How to Get Kids on a Sleeping Schedule Before the School Year Starts

Updated: Mar. 28, 2022

Sliding into a back-to-school routine is crucial for the overall health of your family. Make the transition from summer to school smoother with these sleep tips.

And then they lived happily ever after...

Whether your kids are going to class online or heading back to a physical classroom, it’s easier to tackle learning when you have a routine in place. That starts with a good sleeping schedule. Here’s how the experts suggest you can get your kids on a good nighttime routine as the new school year starts.

child sleeping on pillow

Introduce a back-to-school sleep schedule gradually

You don’t want your kids to be exhausted during the first few weeks of school, yet you don’t want them to miss out on anything fun during those last weeks of summer. So where do you draw the line and start reinforcing a sleep schedule?

If school hasn’t started yet, Dr. Kristen Gregory, DO, a physician consultant at Blue Cross Blue Shield of Michigan, says, “It’s important to start reinforcing a schedule at least two to three weeks before school starts. Depending on the age of your child and how much sleep they need, set a bedtime based on the appropriate amount, keeping in mind the time it will take them to get ready to leave in the morning. It’s easiest to make this transition gradually, by having children go to bed 15 to 20 minutes earlier every three to four days until the desired bedtime is reached.”

child's clothes hanging in closet

Set up a routine

There are a lot of different components that play a role in making sleep routines effective. Working backwards from the time you want shut-eye to start, have the kids pick out outfits the night before, make sure backpacks and lunches are packed and ready to go, and plan whether they will shower before bed or in the morning. “Getting things out of the way before bed allows for more sleep in the morning and less anxiety,” Dr. Gregory says. Nighttime routines like these lead to sounder sleep for all ages.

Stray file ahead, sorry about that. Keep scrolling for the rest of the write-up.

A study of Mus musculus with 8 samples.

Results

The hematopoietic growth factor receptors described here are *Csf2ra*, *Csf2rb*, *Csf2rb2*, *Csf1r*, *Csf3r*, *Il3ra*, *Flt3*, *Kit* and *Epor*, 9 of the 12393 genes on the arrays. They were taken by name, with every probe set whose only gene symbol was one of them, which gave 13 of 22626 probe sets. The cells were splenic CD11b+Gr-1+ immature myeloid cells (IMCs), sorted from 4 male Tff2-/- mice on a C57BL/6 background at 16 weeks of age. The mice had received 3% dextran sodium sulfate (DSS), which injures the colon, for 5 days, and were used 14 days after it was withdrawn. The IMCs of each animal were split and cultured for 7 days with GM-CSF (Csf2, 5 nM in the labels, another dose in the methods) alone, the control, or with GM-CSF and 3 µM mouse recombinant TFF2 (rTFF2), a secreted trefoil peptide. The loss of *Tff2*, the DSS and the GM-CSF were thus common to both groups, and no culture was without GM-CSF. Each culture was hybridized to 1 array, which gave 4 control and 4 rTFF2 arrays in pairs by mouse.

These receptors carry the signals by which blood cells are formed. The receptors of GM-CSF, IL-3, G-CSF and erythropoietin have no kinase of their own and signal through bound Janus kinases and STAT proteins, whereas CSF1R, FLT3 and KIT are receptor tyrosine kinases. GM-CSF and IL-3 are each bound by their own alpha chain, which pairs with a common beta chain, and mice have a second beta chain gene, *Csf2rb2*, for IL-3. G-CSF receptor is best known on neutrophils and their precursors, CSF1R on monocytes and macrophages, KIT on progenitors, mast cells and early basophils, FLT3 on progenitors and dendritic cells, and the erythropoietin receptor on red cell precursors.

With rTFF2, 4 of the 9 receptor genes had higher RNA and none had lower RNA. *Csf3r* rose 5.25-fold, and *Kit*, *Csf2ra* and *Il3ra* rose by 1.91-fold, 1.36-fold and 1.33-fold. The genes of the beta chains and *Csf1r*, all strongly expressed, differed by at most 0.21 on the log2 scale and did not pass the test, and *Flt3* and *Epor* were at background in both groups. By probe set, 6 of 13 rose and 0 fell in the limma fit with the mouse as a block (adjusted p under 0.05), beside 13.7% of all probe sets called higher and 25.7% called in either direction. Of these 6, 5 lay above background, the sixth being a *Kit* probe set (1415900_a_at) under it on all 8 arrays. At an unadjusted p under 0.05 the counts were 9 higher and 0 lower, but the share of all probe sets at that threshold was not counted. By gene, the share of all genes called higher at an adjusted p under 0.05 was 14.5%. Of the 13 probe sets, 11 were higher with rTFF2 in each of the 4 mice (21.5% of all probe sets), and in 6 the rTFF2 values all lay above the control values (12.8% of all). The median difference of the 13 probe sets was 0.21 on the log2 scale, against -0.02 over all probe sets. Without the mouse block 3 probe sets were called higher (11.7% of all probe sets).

At the end of the day, consistency is key. “While it may be difficult at first to stick to a new school schedule, it is beneficial to a child’s mental and physical well-being,” Dr. Gregory says. “Getting the kids acclimated with a new schedule early on ensures a happy, healthy start to the new school year.”

little girl sleeping

Calculate the number of hours of sleep your child needs

It all depends on their age. Children between the ages of three and five need 10 to 13 hours of sleep per night, according to a 2015 National Sleep Foundation report in the journal Sleep Health. Kids ages six to 13 generally require nine to 11 hours of sleep. Teenagers between 14 and 17 need eight to 10 hours of sleep. (If your kids are restless at night, check out these tricks for better, deeper sleep.)

sleepy child rubbing eyes

Avoid last-minute sleep stress or meltdowns before bed

Bedtime meltdowns are all-too-familiar to parents. Dr. Gregory says you can side-step trouble by planning activities that will help the kids wind down—and give them plenty of warning. Create a calm environment with bubble baths, bedtime stories, and limiting noise and screen time. And lastly, consistency is always key so they’ll know what to expect. “I can’t stress enough the importance of remaining on a consistent schedule. It will take more than one night for your child to adjust to the change and keeping a consistent schedule will help your child get familiar with the process and honor the new rules put in place” he says.

Also, he advises engaging your child in the bedtime routine by offering simple choices like wearing green pajamas or blue ones, and whether they want two or three bedtime stories. “This will help them feel included in the decision-making and build excitement around the bedtime routine.”


Cutting back on caffeine and sugar is also something to take into consideration. “Drinking caffeine stimulates the central nervous system and can impede on a child’s quality of sleep,” warns Dr. Gregory. “It is also a catalyst to middle-of-the-night bathroom breaks and potential accidents. It is best to limit all fluid intake an hour before bed and approximately six hours prior to bedtime for caffeinated beverages.”

boy on tablet

Limit technology

Make sure the screens—tablets, phones, computers—are off well before bedtime. The American Academy of Pediatrics suggests that all screens be turned off at least 30 minutes before your kids get tucked in and that no screens should be allowed in a child’s bedroom.

“Technology increases the electrical activity in your brain during use, which is the opposite of what should be happening at a time of impending sleep,” adds Dr. Gregory. “The “glow” of these devices has also been shown to delay the release of melatonin, which signals your brain that it’s time to sleep.”